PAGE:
Reasons for editing
If a CA certificate is revoked then it cannot be used
This is not entirely correct as the CA is simply no longer trusted. Intermediate CA which it had approved before revocation date should still be trusted, which can be proved from the timestamp, if available.
The certificates which that CA issued are not revoked: possibly, they may be verifiable with another CA certificate which contains the same key: a CA certificate is like any other certificate, it binds a name with a public key; nothing prevents the existence of several distinct certificates which assert that binding
This is the confusing part. The OP of this answer actually meant a Root CA may delegate trust to an intermediate CA by binding the inter-CA name with the inter-CA's public key.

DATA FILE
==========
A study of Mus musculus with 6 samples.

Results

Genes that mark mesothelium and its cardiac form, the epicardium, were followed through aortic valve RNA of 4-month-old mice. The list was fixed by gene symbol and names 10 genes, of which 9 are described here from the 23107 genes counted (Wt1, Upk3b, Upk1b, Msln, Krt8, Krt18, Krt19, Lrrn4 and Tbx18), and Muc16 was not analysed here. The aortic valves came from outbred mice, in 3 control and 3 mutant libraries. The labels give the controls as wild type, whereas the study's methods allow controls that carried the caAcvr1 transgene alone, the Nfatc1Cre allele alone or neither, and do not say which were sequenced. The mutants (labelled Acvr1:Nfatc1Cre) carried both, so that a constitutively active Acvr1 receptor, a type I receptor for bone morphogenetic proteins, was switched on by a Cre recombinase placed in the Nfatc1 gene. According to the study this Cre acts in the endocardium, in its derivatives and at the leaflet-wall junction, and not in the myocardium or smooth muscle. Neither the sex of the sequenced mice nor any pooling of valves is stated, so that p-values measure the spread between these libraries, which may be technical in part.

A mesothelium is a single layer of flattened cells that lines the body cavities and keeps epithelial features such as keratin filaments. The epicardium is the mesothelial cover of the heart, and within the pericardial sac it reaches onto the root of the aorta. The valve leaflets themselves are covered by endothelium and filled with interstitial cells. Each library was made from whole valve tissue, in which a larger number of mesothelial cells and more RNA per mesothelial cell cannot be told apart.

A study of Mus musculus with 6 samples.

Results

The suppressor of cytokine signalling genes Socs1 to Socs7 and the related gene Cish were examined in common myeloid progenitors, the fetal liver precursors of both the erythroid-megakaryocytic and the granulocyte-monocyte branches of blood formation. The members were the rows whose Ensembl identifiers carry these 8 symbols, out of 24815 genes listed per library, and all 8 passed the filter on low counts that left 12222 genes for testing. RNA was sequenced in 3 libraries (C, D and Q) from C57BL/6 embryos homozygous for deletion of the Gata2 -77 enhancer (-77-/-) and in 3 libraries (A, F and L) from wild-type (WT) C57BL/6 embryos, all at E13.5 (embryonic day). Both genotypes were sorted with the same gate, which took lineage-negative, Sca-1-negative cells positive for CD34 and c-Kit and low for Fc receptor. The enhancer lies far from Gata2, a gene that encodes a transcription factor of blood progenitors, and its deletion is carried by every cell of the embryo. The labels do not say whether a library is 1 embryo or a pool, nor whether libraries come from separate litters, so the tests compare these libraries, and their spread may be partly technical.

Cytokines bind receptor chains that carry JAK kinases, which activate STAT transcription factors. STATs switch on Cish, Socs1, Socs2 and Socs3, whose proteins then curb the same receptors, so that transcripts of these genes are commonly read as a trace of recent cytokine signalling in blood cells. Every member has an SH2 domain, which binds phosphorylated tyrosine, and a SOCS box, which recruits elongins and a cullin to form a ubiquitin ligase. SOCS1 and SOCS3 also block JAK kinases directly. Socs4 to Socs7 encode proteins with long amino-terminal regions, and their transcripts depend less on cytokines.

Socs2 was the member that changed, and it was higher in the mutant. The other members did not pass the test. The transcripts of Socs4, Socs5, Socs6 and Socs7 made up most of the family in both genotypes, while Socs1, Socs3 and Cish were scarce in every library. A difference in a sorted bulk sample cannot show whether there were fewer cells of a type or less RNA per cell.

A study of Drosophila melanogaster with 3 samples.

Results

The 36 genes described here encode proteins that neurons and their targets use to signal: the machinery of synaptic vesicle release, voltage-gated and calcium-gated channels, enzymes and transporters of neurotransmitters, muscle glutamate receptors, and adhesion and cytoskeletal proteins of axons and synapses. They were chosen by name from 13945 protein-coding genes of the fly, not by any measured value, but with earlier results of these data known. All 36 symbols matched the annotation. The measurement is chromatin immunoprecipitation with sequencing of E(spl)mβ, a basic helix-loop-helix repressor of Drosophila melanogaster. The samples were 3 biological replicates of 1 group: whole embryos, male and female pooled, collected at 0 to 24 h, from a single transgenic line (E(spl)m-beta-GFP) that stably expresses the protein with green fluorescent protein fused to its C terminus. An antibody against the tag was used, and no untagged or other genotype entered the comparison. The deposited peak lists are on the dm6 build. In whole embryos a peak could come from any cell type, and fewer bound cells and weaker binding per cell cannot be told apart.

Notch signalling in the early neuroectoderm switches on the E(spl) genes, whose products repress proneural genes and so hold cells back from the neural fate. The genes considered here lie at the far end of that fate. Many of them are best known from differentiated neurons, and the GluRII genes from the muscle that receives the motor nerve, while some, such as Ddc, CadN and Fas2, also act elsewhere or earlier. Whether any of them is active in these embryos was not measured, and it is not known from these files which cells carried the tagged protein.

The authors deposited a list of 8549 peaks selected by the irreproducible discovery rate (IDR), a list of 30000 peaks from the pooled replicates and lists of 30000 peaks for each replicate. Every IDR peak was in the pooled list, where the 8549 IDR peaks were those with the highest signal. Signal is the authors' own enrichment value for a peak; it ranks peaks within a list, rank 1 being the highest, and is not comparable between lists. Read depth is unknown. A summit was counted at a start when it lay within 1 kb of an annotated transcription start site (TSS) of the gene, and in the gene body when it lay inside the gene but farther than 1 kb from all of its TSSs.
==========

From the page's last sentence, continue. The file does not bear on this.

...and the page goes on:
The OP of the question then asked the followings as the first comment to this answer:
I did not know there was a case where we could have the same public key with multiple certificates.In this case, the public key is the same but I assume the subject dn is different?
This implies the answer was misinterpreted, as the question-OP thought there were multiple entities with the same public key (as in different Subject Distinguished Name).
With these in mind, you will understand my grievance over the rejection on my edit and also the reason for rejecting it.
*I have in fact adhered to the original intent of the answer. My edit shall be broken down to: adding supplementary info (for the timestamp) and rephrasing the answer to clear confusion (on the "same public key").